How to tell your kids you’re moving out of the family home:
At some point, your family home ceases to be simply bricks and mortar and develops a kind of personality of its own, lovingly crafted over time from your family’s combined memories. In many ways, you could say it becomes a member of the family in its own right.
Every laugh, every tear, the extraordinary moments and the heartaches experienced in the home combine to give it a distinctive spirit – at least in the eyes of those who’ve lived there together. Perhaps that’s why it can be hard to let go when it comes time to downsizing your home for retirement.
Your children especially may see your decision to selling the family home as abandonment – after all, it’s likely to be the one place they’ve been guaranteed to feel safe all their lives. And that’s no small thing.
However, that does not mean you’re duty bound to stay, especially when you can no longer manage the space easily.
Ideally, your children will play an active role throughout your decision making process, providing a reliable sounding board for assessing your options. However, broaching the subject can be tricky if they have a strong attachment to the home. Here are some suggestions to help you get the ball rolling:
1. Have a strong idea of what you want ahead of time. Your downsizing decisions need to suit your own needs . Sometimes your kids want you to stay in the family home because it suits their own needs and desires rather than yours. Be firm about what you think you need and try to avoid vague plans or engaging in lengthy consultations, unless you want your kids to sway your decision.
It can be a trickier proposition if your grown children still live with you. In this case it’s best not to spring the news on them without warning (i.e. after you’ve already sold your home!). Make your plans but give them time to adjust as well.
2. Consider basic change and grief management. The loss of the family home can be distressing for those who feel a strong attachment to it. Being a repository of memories, it’s also possible to feel grief when the family home is sold to someone else, just as you would if you lost a close personal friend.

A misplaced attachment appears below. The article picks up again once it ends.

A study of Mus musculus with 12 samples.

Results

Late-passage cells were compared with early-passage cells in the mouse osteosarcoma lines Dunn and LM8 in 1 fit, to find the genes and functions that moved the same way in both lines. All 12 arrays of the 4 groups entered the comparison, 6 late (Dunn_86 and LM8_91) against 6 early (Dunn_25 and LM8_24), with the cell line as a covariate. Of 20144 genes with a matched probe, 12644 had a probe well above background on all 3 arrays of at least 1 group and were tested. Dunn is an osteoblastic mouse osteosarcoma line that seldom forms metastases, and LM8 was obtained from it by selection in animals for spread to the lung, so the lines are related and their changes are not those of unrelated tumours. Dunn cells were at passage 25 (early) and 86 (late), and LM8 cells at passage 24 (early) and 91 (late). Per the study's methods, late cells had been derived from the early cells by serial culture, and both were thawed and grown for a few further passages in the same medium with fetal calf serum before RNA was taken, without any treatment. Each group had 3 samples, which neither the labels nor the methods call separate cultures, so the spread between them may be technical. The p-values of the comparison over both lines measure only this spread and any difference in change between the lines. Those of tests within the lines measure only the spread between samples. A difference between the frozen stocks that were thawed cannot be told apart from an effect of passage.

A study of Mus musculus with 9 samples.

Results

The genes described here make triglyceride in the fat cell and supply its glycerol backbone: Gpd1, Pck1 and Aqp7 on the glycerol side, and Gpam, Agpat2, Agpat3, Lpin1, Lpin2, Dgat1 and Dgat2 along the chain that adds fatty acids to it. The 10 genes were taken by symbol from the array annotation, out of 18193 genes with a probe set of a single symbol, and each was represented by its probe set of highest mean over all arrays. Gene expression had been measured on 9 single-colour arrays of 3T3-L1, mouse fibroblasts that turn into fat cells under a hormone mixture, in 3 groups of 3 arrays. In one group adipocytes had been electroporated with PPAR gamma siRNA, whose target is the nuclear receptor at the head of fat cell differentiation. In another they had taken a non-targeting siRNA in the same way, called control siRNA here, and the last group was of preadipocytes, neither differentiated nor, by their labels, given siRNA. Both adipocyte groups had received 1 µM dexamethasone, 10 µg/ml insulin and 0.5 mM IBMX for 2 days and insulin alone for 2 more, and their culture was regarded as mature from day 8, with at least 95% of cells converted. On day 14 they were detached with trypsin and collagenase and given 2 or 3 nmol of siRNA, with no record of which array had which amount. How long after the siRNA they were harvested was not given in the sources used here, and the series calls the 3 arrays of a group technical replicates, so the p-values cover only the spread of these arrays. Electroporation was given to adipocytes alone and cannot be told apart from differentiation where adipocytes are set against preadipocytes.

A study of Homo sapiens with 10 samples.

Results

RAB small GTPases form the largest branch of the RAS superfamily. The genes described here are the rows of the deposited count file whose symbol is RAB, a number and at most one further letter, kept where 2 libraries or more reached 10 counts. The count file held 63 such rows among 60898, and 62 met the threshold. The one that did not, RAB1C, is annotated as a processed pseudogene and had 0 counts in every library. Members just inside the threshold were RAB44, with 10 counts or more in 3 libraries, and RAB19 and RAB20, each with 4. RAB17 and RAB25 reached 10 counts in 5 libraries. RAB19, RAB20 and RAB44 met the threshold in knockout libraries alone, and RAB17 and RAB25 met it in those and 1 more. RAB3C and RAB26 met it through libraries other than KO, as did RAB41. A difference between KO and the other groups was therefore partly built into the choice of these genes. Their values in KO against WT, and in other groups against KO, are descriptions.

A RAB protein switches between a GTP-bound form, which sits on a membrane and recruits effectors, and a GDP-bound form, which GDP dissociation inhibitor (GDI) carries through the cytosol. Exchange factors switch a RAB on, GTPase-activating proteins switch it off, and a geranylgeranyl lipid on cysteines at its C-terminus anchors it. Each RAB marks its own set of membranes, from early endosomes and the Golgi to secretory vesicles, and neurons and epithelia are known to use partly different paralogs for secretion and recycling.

Understanding is key for a painless emotional transition; particularly if you think your family is likely to take your decision to downsize home badly. Remind them they’ll always be welcome wherever you live – this suggests ‘home’ is a concept rather than just a place.
This also reinforces that being a parent isn’t just about providing housing and financial support – it’s about guidance, love and encouragement no matter where they, or you, live.
3. Help them find a home of their own. Boomerang kids – children in their 20s to early 30s who still live with you – can complicate your plans to move or downsize
Start by acknowledging their issues, then sit down with them to plan a solution – whether that’s how to afford a new apartment of their own, helping them find a rental and a flat mate or working out a reasonable timeline for the change to happen. Providing extra certainty and compassion can smooth the transition and help everyone make the shift more easily.
4. Make a memory palace together. Once everyone starts to come to terms with the changes, suggest a time for a get-together to say a final farewell to the home by sharing a special meal and favourite memories.
Marking the transition formally in this way can go a long way towards facilitating a smoother change. You could also take photos of your family home and create an album of treasured pictures for everyone to keep (if you’re not handy with a camera, consider asking one of the kids to do the job for you).
Lastly, it’s important to realise not all family members will experience the transition in the same way. Whatever you can do to alleviate and facilitate the process – with compassion and empathy – will go a long way towards reducing any emotional strain on the family.
That being said, you should also keep in mind that just because you’re saying goodbye to the place your memories were made, you’re not relinquishing the memories themselves. You’re just fashioning a new place for them to live.
Thinking about downsizing after retirement? Consider an Encore Living 55 plus lifestyle community! Speak to our friendly team now for more information – call 1800 ENCORE (1800 362 673).